Over the last few months I’ve received many question about certifications, two of which were;
How do I prepare for certification exams and what material do I use?
Instead of replying to everybody on an individual basis, I have dedicated this article to answering your questions.
This article will focus on the methods I used to pass Cisco certifications.
How do I prepare for certifications?
This is quite a personal question I think, it’s like someone saying how long does it takes to pass an exam? This all depends on the individual and commitment to training. Nevertheless, let me give you an insight into what I tend to do when I start to prepare for certifications.
- I set myself a goal of when I would like to achieve the certification. I don’t book the exam right away but I pencil in a desired date.
- I dedicate set hours to studying, working and family. Now this might seem like common sense but it’s amazing how much of a difference it makes when you actually set time aside for studying rather than ‘doing it on the fly’.
- I acquire all the books, videos and courses that I feel will help me learn the content and pass the exam. Having more than one reading source and different outlooks on technologies can help a lot, especially if you feel that one source doesn’t quite give you all the information you require.
Once I am committed to working towards a new certification, I prepare the material I plan on using.
What materials do I use?
Assuming the certification I am working towards isn’t brand new, I can often find some really useful materials to aid in my studies. Below are some of the materials and tools I tend to use when working towards certifications.
- Official Certification Guides: Considering the exams are often focused on the material in the official certification guides, I always make sure I get a copy. You can buy digital versions (eBooks) of these books at a cheaper cost than the hard copy, however if you’re like me and prefer the hard copy, then you often find yourself paying a little more but also benefit from being able to build a nice book collection. You can the official cert guides from many eStores, however keep in mind that ciscopress.com normally have some good deals so you might end up getting your materials cheaper from there.
- Command guides: Cisco do a good job of providing you with small books they like to call ‘Portable command guides’. These books are brilliant for studying, labbing and even in the working world. If portable command guides are available, I always try get one whether that be the digital copy or the physical copy.
- Additional books: When studying CCNA R&S and Security, I found the ‘31 days to….’ books really good. These books are the same size of the portable command guides and are useful to quickly review certification topics on a daily basis. As the name suggests, these books are designed to be used on a daily basis, 31 days before your exam. The cool thing about these books is that they contain a lab challenge at the end to which you can build and test your skills.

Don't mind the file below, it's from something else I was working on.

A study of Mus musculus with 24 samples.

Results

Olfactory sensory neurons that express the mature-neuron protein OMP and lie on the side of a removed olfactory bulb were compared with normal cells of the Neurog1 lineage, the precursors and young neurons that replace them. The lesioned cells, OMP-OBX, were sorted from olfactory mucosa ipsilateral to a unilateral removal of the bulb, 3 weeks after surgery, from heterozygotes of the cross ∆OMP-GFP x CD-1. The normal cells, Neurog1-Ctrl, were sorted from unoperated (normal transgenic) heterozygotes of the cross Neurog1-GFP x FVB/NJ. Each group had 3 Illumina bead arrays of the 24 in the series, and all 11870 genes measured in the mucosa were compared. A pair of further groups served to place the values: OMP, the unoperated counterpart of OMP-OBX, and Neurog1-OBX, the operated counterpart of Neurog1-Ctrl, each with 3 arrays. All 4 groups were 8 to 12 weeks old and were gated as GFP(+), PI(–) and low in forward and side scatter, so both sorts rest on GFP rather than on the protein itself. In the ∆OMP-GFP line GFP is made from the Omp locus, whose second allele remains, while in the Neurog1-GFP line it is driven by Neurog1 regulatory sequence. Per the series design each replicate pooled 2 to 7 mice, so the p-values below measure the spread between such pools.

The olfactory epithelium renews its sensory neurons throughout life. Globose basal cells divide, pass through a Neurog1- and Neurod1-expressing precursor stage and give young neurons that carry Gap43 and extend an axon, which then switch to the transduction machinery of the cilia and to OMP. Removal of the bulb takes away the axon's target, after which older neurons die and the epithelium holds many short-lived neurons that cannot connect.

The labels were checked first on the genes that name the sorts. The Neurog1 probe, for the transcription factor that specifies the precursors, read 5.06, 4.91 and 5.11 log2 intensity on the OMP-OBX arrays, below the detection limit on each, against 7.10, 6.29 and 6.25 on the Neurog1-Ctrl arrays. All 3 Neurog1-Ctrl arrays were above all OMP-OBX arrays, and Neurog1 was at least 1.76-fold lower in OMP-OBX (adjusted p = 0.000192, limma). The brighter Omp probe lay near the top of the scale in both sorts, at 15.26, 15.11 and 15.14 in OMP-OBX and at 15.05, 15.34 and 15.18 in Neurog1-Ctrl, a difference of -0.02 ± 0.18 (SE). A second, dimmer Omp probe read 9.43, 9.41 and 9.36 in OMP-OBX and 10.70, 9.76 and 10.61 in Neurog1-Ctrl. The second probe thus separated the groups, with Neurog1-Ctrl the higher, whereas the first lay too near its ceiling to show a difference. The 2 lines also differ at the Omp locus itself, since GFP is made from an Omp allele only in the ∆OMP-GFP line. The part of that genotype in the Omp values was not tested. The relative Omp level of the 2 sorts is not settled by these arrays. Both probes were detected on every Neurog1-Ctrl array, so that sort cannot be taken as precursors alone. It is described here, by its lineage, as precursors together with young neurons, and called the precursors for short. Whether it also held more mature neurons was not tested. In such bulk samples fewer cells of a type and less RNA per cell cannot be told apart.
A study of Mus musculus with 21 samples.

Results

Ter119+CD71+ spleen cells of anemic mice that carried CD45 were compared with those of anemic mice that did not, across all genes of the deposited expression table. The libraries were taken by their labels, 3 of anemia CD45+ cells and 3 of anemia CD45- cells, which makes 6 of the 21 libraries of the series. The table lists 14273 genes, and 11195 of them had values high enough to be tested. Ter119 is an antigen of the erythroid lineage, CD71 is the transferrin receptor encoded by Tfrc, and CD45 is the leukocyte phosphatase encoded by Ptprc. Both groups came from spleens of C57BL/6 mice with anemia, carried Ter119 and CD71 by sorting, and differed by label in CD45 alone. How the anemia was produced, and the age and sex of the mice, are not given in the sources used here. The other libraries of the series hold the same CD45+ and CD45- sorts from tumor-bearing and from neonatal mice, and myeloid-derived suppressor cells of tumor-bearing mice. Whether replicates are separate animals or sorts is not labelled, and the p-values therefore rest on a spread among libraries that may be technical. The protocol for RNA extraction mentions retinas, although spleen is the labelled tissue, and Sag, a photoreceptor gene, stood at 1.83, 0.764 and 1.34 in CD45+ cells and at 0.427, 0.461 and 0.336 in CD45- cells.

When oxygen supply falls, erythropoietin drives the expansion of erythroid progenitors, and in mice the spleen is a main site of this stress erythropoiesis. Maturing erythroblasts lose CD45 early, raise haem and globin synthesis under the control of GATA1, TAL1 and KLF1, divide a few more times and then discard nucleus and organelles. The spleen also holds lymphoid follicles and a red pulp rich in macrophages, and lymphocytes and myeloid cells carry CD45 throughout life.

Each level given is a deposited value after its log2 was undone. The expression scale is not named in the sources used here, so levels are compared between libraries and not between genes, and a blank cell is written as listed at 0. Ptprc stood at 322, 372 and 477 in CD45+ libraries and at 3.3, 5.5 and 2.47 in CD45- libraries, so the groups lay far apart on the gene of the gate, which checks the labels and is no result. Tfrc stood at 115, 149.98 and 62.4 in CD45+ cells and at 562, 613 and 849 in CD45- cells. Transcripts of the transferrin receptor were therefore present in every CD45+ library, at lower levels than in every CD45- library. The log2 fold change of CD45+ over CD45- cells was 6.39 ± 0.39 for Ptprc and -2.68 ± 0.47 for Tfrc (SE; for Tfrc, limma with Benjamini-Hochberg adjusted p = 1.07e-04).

- Labs: Personally, I feel labs are really important if you want to fully understand the technologies and how they work. I find when I am struggling to understand some concepts or why a protocol works a particular way, I build a lab to help me understand.
Now I hear you say “What do you use to lab?”
While it’s nice to have physical equipment, I have to take into consideration my family and for those that understand, fans on older devices tend to be loud. Then you have to consider the cost of purchasing devices and licenses (if required). So for this reason I tend to use virtual environments.
- Packet Tracer
All four of the above can be used to create virtual environments but features, cost and ease of use between the four differ. To give you a quick overview, out of the four I have used the top three.
Packet Tracer was used at the very start of my networking career, it is good for CCENT & some CCNA tracks but that’s about it.
Virl is a virtual environment offering by Cisco and personally I think it’s really good. Virl is a paid, subscription based offering and you will need a powerful server or computer to run Virl locally as it’s quite resource intensive.
GNS3 is a free offering and allows you to integrate virtual machines, older versions of Cisco IOS and other vendor devices. GNS3 has served me well and I continue to use it today, the downside to GNS3 is that software updates can fail and cause you to loose previously applied settings.
Thank you for reading and I hope this article has been useful. The methods I use above work for me and won’t necessarily work for everybody else. If you feel you have a good working method, feel free to share it with the community by leaving a comment on this article.